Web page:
Winds of change
Two politicians - Amram Mitzna and Haim Ramon - who have set their sights on dismantling the Sharon government (mistakenly called a "unity government") are leaving the man who holds the prestigious defense portfolio far behind.
On Monday morning, Javier Solana spoke to one of the PLO chiefs he had met in Gaza a few hours before the Israeli operation in Khan Yunis. The man informed the European Union's foreign policy coordinator that even this incident would not cause the PLO and the Tanzim to renege on their commitment to declare attacks on civilians against the rules. Not only that, but Mohammed Dahlan continued his talks this week with leading factions in Hamas, whose public appeal for a hudna (cease-fire) was drowned out by the cries of the children who paid the price for the assassination of Salah Shehadeh. They are saying that a cease-fire may be possible after they take revenge for the new round of bloodshed that commenced this week in Khan Yunis.
The group of Palestinian leaders that planned to force on Yasser Arafat the appointment of Abu Mazen as a prime minister with genuine responsibilities, was taking a rather big chance. If Sharon had not surrounded the Muqata and thereby freed Arafat from his political siege, what excuse would the "conspirators" have given for unseating the human symbol that Israel is so anxious to be rid of? What exactly would Sharon have offered them in return for this move, which many in the Palestinian street - including Arafat's critics - would have regarded as a humiliating surrender to Sharon's dictates? Would Labor leader Benjamin Ben-Eliezer or Nobel Peace Prize winner Shimon Peres have tried to convince Sharon to freeze the construction of, say, one house in Netzarim, as a gesture of good will?
The only gestures this government is prepared to make - and even then, only token ones - are directed at the United States. Those around the prime minister are saying that if he manages to beat Benjamin Netanyahu, the day after the war on Iraq, Sharon will try to seduce the political center by invoking that clause in President Bush's speech about establishing a Palestinian state with temporary borders. The Palestinians will presumably reject any plan that doesn't specify an exact date for the end of Israeli occupation. Bush, whose brain will already be preoccupied with the presidential elections, will prefer angering the Arabs to quarreling with the Jews. Actually, if the majority of Israelis are so content with the policies of the Sharon/Ben-Eliezer duo that they are prepared to extend their term of office, who are we to badmouth the goyim?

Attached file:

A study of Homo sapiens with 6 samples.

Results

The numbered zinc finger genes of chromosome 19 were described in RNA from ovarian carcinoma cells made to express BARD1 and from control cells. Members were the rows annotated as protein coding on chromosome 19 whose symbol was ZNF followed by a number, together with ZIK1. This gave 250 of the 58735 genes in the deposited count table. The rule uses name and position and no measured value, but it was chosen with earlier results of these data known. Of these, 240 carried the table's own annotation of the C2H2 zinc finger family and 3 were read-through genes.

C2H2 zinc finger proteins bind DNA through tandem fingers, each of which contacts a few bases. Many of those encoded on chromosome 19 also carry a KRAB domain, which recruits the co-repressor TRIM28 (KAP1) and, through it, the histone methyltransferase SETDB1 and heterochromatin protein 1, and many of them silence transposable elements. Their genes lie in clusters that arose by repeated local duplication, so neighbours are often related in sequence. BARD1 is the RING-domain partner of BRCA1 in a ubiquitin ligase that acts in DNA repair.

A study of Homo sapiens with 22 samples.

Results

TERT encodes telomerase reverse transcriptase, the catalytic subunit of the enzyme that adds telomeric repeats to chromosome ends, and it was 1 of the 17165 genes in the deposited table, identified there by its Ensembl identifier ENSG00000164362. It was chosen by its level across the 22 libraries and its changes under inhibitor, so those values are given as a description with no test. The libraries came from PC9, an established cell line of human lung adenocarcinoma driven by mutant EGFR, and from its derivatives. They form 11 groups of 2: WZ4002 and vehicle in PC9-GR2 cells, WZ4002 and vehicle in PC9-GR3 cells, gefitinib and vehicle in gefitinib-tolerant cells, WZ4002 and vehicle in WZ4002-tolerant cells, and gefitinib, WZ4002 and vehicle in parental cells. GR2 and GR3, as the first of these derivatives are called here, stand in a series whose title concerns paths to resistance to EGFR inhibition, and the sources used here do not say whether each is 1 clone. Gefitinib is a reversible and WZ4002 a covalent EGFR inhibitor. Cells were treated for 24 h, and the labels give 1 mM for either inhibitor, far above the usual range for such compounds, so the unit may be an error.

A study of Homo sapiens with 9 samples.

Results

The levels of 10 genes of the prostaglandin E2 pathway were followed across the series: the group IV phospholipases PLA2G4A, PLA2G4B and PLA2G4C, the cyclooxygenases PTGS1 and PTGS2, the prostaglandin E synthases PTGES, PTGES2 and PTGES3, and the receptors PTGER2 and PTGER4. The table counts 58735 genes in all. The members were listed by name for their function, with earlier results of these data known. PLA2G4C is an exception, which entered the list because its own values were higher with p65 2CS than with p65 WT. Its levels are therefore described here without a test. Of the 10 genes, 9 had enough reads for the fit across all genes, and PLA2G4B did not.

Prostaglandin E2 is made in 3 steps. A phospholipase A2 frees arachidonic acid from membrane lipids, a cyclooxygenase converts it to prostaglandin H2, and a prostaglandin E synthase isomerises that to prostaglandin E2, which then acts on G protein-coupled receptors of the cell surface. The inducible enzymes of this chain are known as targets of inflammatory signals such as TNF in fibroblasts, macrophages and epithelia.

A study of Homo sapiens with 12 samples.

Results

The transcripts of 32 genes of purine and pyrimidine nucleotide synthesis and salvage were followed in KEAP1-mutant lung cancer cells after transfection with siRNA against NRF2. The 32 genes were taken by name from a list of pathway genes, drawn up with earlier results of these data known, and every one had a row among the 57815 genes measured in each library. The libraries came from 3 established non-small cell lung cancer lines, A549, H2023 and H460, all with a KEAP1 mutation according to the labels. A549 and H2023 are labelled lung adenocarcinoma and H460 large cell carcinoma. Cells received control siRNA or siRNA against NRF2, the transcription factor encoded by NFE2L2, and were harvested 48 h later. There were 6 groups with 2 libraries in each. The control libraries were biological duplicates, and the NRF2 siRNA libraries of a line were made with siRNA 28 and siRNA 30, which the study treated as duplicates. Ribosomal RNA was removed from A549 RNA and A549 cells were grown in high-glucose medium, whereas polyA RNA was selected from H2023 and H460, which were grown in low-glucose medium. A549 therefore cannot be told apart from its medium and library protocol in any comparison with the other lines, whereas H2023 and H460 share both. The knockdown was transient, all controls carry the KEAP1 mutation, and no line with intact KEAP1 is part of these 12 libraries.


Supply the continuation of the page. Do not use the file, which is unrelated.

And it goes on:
As always, the salvation of the large Israeli and Palestinian majority still willing to make those really painful concessions can only come from below. It seems logical that electing a just, peace-seeking leadership on one side will encourage the other side to elect a moderate leadership, too. A sign that the Israeli public is also looking for a change, and not necessarily the kind offered by Effi Eitam, can be found in a whole host of surveys. Two politicians - Amram Mitzna and Haim Ramon - who have set their sights on dismantling the Sharon government (mistakenly called a "unity government") are leaving the man who holds the prestigious defense portfolio far behind.
If the two of them keep the promise whispered into their friends' ears about not risking the possibility of one of them losing to Ben-Eliezer in the second round, there is a good chance that next month, a large body of overlooked voters midway between the doves of Meretz and the hawks of the Likud will have a leader. If either Ramon or Mitzna come out ahead, the Labor Party will probably drop Sharon on the spot and extend a hand to the partner taking shape in Ramallah and Gaza. If Ben-Eliezer wins, Yossi Beilin will ask his friends on the left to join the social democratic party waiting on the shelf for the results of the primaries on November 19.
Without exaggeration, these early elections could be more important than the elections for the next Knesset. We must take into account, of course, that the damage inflicted by long months of paralysis may be difficult to repair before the country goes to elections (presumably earlier than scheduled). The convalescence may be prolonged and painful, but whatever the outcome, things will no longer be what they are. Nowadays, even that is something.